Seeka Kiwifruit lifts annual profit 35% on increased volumes

By Tina Morrison

Feb. 29 (BusinessDesk) - Seeka Kiwifruit Industries, the largest kiwifruit grower in Australia and New Zealand, increased annual profit 35 percent as volumes recover from the impact of the Psa-V vine disease and it received insurance money from a fire at its largest packhouse facility.

Profit rose to $4.3 million, or 27 cents per share, in the 12 months ended Dec. 31, from $3.2 million, or 22 cents, the year earlier, the Te Puke-based company said in a statement. That's ahead of its forecast of between $2.96 million and $3.53 million, which reflected uncertainty around insurance claims related to the fire. It received $5.46 million in insurance proceeds from the fire, although not all claims were finalised or accepted by the insurers at year end. Revenue rose 23 percent to $142.1 million.

Seeka is growing profits as its orchards recover from the vine-killing Psa-V disease, lifting its volumes in the past year to 27.8 million trays from 21.4 million trays the year earlier. It's expanding its Australian operations, with its purchase in August last year of the remaining half share in Pollen Australia and its acquisition of the orcharding and business assets of Bunbartha Fruit Packers.

"Seeka has significantly increased its profit and size during the year," chair Fred Hutchings and chief executive Michael Franks said in the 2015 annual report. "The immediate outlook for growth remains positive as Seeka concentrates on expanding New Zealand facilities to handle higher kiwifruit volumes, completes the integration of Seeka Australia and improves orchard productivity in Australia."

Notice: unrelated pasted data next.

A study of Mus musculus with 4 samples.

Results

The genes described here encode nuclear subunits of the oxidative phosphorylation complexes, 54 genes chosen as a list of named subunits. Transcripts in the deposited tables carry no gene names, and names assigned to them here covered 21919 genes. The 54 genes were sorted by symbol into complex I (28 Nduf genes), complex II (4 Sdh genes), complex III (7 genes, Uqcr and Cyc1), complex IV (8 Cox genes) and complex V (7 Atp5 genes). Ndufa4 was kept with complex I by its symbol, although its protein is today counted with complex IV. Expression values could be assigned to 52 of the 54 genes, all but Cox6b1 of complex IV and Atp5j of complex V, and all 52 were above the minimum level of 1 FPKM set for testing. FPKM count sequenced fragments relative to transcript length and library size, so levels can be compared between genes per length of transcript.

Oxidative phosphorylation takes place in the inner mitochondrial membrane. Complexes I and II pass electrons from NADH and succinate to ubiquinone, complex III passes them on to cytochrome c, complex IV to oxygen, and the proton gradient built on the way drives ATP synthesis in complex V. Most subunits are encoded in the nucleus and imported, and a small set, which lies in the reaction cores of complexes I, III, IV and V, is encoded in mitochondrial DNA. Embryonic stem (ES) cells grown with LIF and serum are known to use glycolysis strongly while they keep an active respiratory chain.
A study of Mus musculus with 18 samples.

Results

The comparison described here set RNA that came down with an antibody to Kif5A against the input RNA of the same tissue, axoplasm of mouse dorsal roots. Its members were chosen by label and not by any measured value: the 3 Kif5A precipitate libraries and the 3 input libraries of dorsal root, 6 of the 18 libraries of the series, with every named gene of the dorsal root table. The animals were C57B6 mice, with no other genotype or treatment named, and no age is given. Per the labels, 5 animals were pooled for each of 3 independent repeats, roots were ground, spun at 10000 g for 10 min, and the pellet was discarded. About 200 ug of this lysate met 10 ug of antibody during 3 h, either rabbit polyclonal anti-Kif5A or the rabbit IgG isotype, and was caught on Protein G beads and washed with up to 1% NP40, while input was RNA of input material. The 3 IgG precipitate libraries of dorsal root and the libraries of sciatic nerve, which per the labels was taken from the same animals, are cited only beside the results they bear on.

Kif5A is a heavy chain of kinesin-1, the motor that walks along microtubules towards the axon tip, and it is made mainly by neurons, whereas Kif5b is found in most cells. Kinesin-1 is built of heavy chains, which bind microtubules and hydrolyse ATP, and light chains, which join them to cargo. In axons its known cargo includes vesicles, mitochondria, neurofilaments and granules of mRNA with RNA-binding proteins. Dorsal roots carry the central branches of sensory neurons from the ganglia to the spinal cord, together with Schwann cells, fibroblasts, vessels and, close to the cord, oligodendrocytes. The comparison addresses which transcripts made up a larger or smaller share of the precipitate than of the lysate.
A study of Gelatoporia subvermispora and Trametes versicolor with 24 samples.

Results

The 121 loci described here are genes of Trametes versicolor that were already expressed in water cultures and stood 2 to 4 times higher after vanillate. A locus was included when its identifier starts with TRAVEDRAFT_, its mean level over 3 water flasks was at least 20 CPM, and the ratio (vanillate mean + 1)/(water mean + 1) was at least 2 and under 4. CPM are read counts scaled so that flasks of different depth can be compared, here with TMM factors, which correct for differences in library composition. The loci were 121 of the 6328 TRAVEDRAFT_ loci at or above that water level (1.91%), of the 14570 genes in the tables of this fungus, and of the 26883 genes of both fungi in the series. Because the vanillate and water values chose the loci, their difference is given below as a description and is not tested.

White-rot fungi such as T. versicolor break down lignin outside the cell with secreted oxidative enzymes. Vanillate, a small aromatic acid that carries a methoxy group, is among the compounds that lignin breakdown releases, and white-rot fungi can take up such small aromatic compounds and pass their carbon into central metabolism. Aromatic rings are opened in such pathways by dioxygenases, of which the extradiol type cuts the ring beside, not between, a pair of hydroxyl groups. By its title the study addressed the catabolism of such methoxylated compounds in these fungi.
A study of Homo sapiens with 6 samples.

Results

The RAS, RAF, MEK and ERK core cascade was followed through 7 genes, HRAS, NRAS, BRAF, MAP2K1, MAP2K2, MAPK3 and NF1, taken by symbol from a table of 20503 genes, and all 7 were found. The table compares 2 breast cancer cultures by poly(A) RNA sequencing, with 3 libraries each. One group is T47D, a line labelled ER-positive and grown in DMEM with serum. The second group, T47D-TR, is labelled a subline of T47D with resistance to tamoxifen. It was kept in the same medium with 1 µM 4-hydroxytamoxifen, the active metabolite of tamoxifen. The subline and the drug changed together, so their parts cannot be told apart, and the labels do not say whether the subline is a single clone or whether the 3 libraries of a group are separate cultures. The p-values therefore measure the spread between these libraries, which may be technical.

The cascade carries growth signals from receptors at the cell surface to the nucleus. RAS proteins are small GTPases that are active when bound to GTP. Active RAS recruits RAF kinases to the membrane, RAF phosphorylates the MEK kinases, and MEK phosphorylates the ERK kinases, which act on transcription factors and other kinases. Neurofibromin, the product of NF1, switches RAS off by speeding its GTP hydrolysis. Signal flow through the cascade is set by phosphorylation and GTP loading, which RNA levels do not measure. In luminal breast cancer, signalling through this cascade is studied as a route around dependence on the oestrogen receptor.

The company said the benefits of its Australian expansion are expected to show in this year's result.

In New Zealand, the company provides orcharding, post-harvest and retail services to kiwifruit, avocado and kiwiberry industries, retail and ripening services for imported tropical produce, and operates a wholesale market.

Earnings before interest and tax at its post-harvest operations increased 37 percent to $8 million, while ebit at the orchard operations slid 14 percent to $3.4 million and ebit at the retail service operations declined 5.6 percent to $1.6 million.

In Australia, following its acquisition last year of land, orchards and business assets, the company is now the largest single producer and supplier of Australian kiwifruit and nashi pears, a major supplier of European pears, with lesser production of other temperate-climate fruits.

Its Australian operations contributed $1.2 million of revenue and an ebit loss of $1.5 million last year. Had the acquisition occurred at the start of the 2015 year, contributed group revenue would have been about $14.8 million of revenue and estimated pre-tax profit $1.3 million, the company said.

Seeka's total debt increased to $53 million at Dec. 31, from $17.2 million a year earlier as it financed infrastructure expansion in New Zealand to handle increasing kiwifruit volumes and the purchase of its Australian operations.

It invested $16.4 million in New Zealand additional fruit processing and storage facilities, up from $5.6 million the previous year, and said its New Zealand infrastructure will expand further in 2016 to ensure sufficient capacity to process fruit at its optimum time.

In Australia, it invested $20.2 million in acquisitions, with further payments of A$5 million due in 2016. Transaction costs and stamp duty cost it $1.1 million. The business was purchased on a 'crop off' basis, meaning the company spent $4.5 million growing the crops for harvest in 2016.

Seeka will pay a dividend of 10 cents per share on March 24, taking the total for 2015 to 19 cents, ahead of the 16 cents paid in 2014.

Its shares last traded at $3.80, and have gained 10 percent so far this year.